We planted them over a year ago, early last summer. It was always the name that got me.
The association between flowers and fairies in an old one and, to me at least, a natural one.
We planted our “Fairy Candle” (the species name is Actaea Racemosa) in the shady side garden area, where I am struggling to introduce variety and even some color, a year ago. It grew but did not flower last summer.
This year the flowers came in July.
By then the name meant more to me because I was remembering how much fairies meant to our friend, Lee Regan, who passed in June. Lee, a reference librarian with a love of local history and an assurance (generally correct) that she knew what you were interested in, loved fairies. The way she put it, I think, is “I believe in fairies.”
I have flirted with unusual beliefs, including the intimation that every instant of time is repeated endlessly across the multiverse, which is why so much that happens feels vaguely familiar.
Lee pointed me to Irish mythology and folk lore, including a memorable book about Welsh fairy lore and storytellers. The name of Welsh storyteller, Taliesin, has stayed with me since.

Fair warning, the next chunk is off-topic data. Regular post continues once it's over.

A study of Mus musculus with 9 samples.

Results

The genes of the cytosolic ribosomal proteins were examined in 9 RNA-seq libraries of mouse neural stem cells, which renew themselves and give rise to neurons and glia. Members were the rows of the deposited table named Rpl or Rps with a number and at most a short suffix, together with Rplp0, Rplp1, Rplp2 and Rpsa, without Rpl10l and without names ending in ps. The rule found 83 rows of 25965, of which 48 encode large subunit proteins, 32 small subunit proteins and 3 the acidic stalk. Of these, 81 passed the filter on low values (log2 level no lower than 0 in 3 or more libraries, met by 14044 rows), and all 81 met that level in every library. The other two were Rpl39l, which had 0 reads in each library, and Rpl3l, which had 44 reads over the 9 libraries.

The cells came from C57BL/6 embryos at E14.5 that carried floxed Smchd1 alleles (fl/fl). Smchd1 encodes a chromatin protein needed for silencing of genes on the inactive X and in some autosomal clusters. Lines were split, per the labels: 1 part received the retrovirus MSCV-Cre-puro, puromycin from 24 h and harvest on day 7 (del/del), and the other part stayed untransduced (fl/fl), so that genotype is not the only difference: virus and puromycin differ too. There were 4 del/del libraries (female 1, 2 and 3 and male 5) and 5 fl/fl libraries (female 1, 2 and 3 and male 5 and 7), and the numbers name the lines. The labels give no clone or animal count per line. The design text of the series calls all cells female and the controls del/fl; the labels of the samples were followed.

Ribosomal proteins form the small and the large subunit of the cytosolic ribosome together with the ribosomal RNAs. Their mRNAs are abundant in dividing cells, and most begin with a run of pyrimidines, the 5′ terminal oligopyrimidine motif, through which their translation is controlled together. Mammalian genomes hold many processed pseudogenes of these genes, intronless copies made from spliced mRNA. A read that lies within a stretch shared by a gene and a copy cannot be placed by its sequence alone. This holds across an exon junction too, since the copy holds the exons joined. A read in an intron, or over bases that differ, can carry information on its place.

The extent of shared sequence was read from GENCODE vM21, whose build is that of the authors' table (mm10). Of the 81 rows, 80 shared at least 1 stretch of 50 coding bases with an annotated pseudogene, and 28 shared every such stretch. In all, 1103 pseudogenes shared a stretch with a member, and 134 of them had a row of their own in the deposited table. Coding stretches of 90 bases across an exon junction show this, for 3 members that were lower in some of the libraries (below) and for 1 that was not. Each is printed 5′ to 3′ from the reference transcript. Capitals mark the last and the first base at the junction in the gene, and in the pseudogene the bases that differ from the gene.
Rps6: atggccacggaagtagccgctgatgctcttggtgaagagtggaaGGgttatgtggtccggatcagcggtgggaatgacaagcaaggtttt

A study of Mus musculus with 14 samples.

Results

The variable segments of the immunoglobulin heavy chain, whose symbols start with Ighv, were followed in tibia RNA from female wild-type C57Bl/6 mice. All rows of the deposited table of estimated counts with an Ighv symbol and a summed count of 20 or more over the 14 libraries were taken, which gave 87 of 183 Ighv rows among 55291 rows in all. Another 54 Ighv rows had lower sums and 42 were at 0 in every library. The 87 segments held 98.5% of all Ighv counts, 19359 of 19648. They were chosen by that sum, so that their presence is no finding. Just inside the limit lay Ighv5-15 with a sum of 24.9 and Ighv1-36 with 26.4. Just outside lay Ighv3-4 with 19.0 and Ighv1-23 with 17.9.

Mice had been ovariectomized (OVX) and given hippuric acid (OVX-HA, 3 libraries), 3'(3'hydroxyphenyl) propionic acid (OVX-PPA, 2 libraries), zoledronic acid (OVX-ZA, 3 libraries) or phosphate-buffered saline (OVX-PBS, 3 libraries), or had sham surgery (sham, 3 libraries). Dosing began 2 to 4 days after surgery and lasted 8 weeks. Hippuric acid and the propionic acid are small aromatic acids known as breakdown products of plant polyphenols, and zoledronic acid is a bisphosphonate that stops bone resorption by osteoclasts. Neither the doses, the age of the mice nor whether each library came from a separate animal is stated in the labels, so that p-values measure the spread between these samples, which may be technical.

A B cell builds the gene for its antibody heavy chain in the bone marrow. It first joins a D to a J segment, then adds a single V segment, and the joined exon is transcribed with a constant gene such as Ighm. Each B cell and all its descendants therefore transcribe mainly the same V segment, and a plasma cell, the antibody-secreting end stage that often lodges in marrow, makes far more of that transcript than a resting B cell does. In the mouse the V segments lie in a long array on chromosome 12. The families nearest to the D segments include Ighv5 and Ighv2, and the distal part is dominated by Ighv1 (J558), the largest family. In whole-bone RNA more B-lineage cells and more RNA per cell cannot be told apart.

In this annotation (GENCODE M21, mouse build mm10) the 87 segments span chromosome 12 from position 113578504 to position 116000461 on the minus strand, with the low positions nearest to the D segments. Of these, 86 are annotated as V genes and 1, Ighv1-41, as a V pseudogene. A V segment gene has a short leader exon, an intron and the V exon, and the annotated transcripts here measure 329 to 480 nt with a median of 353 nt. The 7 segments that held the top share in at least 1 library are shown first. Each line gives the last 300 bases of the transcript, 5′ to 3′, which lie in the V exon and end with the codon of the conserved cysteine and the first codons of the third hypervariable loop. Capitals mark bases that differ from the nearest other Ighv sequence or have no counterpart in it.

Lee also tuned me on to a book about the true origins of Arturian myth – a mental space where nature myths and national folk legends cross-fertilize – that molded my view of early British Isles history. Arthur was the dux bellorum, the leader of the wars, who after the Romans departed the island of the Britons, united the Celts to hold back the invasions from the “Northmen” of the continent, the Angles and the Saxons. Arthur’s legend became a kind of living receptacle into which later ages poured their values and needs – chivalry, the upholding of right over might, the idea of the just king, courtly love.
In the end Arthur went to ground, as the fairies did before him. They exist beyond our sight, our senses. We’ve forgotten how to see them.
If there is some hidden bridge of time/space or some other dimension between a shady spot in our little garden in residential Quincy and the other world where fairies reside, it’s right there between the tiny white florets of the “fairy candles.” Maybe something of Lee is there, too, keeping up her librarian’s garden of great stories, poems, and historical resources, encouraging the fairy light in all our story tellers and urging them to share their stories to keep them alive.